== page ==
Andre Daguin's Vanilla Ice Cream with Prunes and Armagnac


personal chef fort lauderdale

Four to six servings
16 pitted soft prunes
1 cup/250ml Armagnac
1 cup/250ml whole milk
1 long vanilla bean, cut in half lengthwise, giving four quarters—or 1 tablespoon/15ml pure vanilla extract
6 large egg yolks
1/2 to 3/4 cup/125-185ml natural wildflower honey to taste
Pinch of salt
1 cup/250ml whipping cream
Two weeks or more in advance, place prunes in a large clean jar or crock. Add Armagnac to cover. Cover jar or crock and set aside in a cool place to steep.
When ready to make ice cream, measure out 1 cup moderately packed prunes and fill up remainder of cup with Armagnac; set aside. Use remaining prunes for garnish.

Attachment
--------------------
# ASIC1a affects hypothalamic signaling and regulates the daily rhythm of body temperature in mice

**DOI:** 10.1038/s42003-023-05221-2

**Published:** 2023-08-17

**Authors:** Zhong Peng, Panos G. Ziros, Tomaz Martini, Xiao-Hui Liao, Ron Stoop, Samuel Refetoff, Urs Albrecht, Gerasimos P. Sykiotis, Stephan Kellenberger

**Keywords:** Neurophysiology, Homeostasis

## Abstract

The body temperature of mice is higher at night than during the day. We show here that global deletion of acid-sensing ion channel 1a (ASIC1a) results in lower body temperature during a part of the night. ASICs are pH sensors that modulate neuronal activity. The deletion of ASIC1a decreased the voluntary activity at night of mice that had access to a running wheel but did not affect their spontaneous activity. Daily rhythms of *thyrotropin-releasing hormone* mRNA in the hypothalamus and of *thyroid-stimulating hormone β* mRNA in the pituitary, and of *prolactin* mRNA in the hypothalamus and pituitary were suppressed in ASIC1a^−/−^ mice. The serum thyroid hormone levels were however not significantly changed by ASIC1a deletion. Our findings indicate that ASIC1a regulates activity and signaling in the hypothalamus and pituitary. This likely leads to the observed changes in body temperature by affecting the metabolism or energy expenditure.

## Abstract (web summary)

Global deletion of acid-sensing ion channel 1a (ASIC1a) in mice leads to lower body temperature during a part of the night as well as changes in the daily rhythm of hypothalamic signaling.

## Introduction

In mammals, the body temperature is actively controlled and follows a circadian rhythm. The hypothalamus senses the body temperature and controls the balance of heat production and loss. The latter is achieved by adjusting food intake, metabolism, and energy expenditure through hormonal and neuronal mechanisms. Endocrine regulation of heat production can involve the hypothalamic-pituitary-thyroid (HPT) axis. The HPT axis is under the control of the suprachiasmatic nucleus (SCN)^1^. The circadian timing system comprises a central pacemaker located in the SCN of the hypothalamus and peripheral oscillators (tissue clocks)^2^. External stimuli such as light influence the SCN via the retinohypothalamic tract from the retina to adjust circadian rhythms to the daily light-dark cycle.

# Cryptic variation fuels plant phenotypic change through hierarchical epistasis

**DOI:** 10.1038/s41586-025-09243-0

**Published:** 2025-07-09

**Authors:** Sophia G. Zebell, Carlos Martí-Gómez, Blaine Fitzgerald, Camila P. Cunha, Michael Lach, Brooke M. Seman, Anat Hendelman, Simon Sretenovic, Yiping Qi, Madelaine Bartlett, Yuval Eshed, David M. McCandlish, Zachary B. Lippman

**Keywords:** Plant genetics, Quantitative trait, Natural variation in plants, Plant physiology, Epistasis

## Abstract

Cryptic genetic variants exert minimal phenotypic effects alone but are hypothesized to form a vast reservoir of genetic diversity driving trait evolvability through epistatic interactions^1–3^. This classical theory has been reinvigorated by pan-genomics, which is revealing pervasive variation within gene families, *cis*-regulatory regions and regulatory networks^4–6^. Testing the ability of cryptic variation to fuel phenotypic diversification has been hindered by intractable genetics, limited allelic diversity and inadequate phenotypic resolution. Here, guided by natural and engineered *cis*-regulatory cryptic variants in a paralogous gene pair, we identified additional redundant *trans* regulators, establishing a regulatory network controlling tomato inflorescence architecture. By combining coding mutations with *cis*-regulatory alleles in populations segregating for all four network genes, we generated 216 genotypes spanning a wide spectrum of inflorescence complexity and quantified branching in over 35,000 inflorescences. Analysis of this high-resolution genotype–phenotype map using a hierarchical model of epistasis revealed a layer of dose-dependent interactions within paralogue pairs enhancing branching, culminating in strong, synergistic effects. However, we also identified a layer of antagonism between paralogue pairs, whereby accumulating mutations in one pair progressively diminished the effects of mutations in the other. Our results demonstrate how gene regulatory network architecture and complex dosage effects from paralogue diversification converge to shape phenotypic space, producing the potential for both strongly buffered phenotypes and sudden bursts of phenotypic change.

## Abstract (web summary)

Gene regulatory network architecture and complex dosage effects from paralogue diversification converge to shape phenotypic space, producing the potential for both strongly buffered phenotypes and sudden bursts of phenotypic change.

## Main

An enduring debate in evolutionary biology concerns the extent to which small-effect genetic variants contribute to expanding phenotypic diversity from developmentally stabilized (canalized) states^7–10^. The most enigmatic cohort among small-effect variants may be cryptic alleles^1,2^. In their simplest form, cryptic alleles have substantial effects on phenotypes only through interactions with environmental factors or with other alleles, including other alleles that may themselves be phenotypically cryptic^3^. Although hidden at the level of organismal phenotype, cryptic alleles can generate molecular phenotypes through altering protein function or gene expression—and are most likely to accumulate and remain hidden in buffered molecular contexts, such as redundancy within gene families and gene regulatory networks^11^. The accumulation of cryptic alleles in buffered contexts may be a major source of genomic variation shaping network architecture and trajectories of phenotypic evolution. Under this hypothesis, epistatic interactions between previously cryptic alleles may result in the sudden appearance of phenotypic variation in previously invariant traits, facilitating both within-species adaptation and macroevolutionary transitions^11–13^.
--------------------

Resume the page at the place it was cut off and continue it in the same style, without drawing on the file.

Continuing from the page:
Scald milk with vanilla bean (but not vanilla extract); set aside. Whisk egg yolks over very low heat in medium, nonreactive saucepan until warm. Continue whisking, adding honey gradually. When all honey is added and honey has begun to dissolve, remove saucepan from heat. Do not boil. Whisk in hot milk and salt.
4. Return saucepan to low heat. Cook and stir until custard is thick enough to coat a spoon heavily, about 170 to 180 degrees on an instant-registering thermometer. Do not boil. Immediately strain mixture into a bowl. Stir in cream and vanilla extract if using.
5. Refrigerate, covered, until very cold. Then beat very vigorously with whisk or electric beaters.
6. Strain custard mixture into an ice cream freezer. Follow manufacturer`s directions for freezing. When ice cream is just beginning to set, drop in prunes one by one (while machine is still in operation) and drizzle in Armagnac. Continue freezing until ice cream is firm.
7. To serve, scoop out ice cream, top with an extra prune, and drizzle some Armagnac over it.